Hi -
I just purchased an XL1S a few days ago. As a favor for a friend I am shooting their wedding video tomorrow. I have entensive shooting experience but not with this cam.
I obviously don't have much time to test.

For any of you that shoot weddings(or anything) what do you think would be a better mode to shoot in, frame or normal mode. Or are different parts of the wedding better shot in diferent modes?

Thanks in advance for any help.
Different strokes.....

Thanks - Unfortunately I am shooting the wedding tomorrow morning so there is no time to show them each mode or do any extensive testing..

To be quite honest in the minimal testing I have done, I can't see that much of a difference.

I've only used the XL1 a few times. Like with any cam, it takes time to get to know it. Perhaps use its auto mode. That's what I did, and the footage came out just fine.

I shot the wedding mostly in interlaced mode. I shot the first dance and them leaving in horse drawn carriage in frame mode. Eveything turned out great..

I do now see the difference between the modes clearly..

One question. When shooting backlit subjects what can be done. The cake cutting was in a corner with two huge windows and BRIGHT sunlight coming in directly. Of course the couple looks super dark.. I will try to fix in After Effects..

1. Move the Cake
2. Close the windows
3. Move in very close and use a wide angle lens
4. Use the expose compensation dial - probably +2EV, background is blown out but you can see their faces.
5. Shoot from the side, losing only half a face might be better
6. Shooting from a high or low angle may get most of the window out of the shot.
7. Have a couple of guest stand in front of window to block some of the light
8. Turn up all the room lights and open window, even use on camera light, to reduce the extreme contrast range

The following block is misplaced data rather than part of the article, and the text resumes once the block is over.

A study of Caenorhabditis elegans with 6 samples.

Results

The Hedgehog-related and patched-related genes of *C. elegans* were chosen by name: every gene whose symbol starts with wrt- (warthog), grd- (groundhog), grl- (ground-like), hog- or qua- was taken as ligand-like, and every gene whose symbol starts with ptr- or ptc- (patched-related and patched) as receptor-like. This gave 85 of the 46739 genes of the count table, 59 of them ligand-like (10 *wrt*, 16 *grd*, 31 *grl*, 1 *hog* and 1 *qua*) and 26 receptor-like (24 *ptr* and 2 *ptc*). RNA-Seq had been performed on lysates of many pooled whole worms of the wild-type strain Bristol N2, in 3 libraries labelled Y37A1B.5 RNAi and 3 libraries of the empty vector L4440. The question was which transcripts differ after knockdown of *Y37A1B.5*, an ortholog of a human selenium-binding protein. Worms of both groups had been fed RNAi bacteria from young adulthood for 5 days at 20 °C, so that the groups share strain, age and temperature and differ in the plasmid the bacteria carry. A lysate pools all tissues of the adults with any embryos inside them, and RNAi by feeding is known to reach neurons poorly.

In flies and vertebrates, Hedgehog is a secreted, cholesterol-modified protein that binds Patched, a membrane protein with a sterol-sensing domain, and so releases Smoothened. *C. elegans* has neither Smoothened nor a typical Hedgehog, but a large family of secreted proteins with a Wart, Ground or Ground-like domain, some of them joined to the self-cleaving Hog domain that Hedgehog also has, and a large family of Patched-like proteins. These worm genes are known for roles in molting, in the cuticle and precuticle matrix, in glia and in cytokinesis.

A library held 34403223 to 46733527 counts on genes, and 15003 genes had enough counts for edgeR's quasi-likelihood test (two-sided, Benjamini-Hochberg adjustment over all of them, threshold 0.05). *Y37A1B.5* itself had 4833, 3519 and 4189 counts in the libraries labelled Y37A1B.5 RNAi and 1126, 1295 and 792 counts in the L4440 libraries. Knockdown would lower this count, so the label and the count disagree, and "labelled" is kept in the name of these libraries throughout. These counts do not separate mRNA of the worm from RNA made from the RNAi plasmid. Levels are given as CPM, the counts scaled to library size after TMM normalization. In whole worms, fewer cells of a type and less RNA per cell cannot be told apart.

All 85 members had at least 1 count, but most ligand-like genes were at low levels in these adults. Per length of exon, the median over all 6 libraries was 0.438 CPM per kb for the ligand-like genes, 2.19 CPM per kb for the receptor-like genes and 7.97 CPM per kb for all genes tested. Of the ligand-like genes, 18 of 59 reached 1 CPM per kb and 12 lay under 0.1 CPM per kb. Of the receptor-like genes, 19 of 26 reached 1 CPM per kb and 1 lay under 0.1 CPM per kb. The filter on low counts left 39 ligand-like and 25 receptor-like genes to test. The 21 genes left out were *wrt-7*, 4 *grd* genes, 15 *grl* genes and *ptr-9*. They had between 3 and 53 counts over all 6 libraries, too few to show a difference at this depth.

9. Fix it in post
10.Wait until dark to shot it.

Jeff
It's a "feeling look" to me. Anyway...back and forth during a wedding is pretty cool to watch.

One other tip with frame mode, when shooting on a tripod do not forget to turn off the image stabilizer (OIS). It is so easy to forget and only aggravates jerkiness in pans.

You might want to remove your UV, protection filter. This post may be of interest to you as a wedding videographer http://www.dvinfo.net/conf/showthread.php?s=&threadid=3299 Although I can understand wanting to keep a filter on at the reception. I do a lot of outdoor work, hawks in flight and such. Rarely do I have problems with flare. But I almost never use a filter either.

Jeff
I'm scared to take them off! Once I scratch my lens...that's it!
But I will try it!
Didn't Chris tell us all to keep the filter on??

Anyway it does make sense though that any piece of glass added over top of the lens will probably cause problems when there is various light sources. I wonder if most pro "movie/film makers keep added lens off (other than ones for correction or effect)? I was scared before but what the hell! Nothing never really ever touches my lens anyway!

What's a really good quality lens cleaning material??